Yes! I especially watched alot of slam poetry (Def Jam, Button Poetry) on YouTube. My most favourite poem (and a huge reason why I began writing in the first place) is Sarah Kay's “If I should have a daughter” or alternatively titled “B.” This poem honestly changed my life and showed me how poetry can be used to explore ideas that feel bigger than us, and bring them down to earth. This was followed by the discovery of Phil Kaye, Shane Koyczan, Stacey-Ann Chin, and poets in the Toronto community when I began going to slams featuring Britta B., David Delisca, and other poetry legends of the city.
I began writing poetry in grade 6, when the boy I liked didn't like me back! I found it easy to communicate my feelings around this heartbreak through stanza rather than just regular conversation, so I would say that's when I felt like a poet. The moment in which I knew I was a poet was when I performed and was approached by people afterward, saying they felt me and felt a connection to what I had to say. This not only affirmed that I had a way with words, but I could communicate with people in ways I never thought I could and build relationships with people just from performance. That's what I felt poets I loved before I started did for me.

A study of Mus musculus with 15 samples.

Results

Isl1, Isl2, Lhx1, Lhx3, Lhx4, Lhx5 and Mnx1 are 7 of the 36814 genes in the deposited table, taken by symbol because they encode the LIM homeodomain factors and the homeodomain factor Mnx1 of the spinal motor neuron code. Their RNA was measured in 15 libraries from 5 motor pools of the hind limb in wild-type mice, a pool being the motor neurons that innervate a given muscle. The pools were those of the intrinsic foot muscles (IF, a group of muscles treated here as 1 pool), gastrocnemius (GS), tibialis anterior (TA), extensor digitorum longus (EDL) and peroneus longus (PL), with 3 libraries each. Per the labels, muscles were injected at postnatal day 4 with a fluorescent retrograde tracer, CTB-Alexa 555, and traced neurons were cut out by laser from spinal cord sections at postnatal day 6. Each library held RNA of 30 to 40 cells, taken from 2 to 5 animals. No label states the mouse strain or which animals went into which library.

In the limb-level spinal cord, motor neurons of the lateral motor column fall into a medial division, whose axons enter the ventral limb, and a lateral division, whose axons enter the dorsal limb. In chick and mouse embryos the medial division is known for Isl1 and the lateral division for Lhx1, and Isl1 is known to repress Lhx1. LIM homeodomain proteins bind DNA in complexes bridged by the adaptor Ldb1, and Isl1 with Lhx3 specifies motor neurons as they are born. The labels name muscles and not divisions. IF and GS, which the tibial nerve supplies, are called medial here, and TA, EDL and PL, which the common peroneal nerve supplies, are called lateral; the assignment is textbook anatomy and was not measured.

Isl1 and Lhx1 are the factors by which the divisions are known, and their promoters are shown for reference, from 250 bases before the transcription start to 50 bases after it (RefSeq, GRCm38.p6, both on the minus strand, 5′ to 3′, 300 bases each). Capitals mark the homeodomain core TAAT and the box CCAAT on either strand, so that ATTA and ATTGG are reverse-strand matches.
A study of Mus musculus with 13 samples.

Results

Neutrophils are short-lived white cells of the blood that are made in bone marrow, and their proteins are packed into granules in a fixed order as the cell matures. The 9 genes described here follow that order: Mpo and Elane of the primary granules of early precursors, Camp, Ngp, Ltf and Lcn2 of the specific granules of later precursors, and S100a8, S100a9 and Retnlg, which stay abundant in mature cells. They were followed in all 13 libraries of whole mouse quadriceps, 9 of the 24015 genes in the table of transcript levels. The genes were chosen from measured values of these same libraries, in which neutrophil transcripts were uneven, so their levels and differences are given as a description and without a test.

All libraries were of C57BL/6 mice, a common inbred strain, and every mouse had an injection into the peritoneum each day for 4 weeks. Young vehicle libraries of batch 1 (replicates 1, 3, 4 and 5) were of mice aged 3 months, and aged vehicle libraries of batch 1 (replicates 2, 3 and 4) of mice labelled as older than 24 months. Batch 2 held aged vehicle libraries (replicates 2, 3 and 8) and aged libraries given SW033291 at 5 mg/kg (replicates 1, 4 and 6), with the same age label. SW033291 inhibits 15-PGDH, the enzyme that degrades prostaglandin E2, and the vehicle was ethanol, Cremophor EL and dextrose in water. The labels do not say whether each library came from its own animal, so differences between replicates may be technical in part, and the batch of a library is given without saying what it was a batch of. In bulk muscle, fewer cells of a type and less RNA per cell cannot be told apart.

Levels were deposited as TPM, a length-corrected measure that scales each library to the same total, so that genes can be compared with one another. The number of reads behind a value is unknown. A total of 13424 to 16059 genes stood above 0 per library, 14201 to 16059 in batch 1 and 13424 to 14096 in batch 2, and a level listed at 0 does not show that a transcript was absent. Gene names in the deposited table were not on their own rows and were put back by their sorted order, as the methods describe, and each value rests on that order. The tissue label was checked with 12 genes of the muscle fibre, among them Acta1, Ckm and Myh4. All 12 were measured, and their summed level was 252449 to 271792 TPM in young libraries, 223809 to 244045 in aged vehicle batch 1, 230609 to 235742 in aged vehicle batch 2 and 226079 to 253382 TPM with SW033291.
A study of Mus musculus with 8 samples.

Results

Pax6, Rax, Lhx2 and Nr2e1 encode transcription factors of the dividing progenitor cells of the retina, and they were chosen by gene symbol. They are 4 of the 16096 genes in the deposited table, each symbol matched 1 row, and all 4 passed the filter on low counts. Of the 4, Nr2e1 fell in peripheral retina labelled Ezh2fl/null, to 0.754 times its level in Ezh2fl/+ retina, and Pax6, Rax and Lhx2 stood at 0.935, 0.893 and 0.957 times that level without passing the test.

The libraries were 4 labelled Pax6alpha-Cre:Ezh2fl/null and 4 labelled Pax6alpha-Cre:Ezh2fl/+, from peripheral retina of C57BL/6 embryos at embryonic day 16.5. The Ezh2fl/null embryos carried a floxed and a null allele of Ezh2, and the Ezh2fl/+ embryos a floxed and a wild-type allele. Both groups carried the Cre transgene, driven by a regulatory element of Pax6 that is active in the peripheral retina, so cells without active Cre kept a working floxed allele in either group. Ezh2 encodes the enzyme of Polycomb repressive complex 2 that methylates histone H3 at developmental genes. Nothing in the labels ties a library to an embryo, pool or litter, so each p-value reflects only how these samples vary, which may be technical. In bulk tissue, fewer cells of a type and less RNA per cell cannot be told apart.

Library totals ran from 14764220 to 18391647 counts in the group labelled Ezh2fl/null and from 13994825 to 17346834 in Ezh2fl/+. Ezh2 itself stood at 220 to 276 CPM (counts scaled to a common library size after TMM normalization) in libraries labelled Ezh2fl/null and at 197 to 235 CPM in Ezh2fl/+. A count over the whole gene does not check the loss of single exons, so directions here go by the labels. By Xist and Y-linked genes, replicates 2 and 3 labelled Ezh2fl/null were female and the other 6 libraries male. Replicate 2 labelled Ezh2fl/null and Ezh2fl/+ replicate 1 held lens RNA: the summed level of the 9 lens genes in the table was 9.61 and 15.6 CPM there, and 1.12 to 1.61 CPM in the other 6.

I think a poet's "job" is to break the stigma's around poetry (it has to rhyme, it has to be “deep,” etc.,) and simply let their love for the craft shine through. The goal should always be to just give students another way to express themselves, and show them how it can be done in so many diverse ways through poetry. It should be treated as an open door, that people can step through, any way they want!
If I had to choose a poem to memorize from the Poetry In Voice anthology it would be "These Poems, She Said” by Robert Bringhurst. I love the form of how it's written, and the descriptive language used along with repetition. I think it's a beautiful analysis of love, and what makes love unconditional, true and real.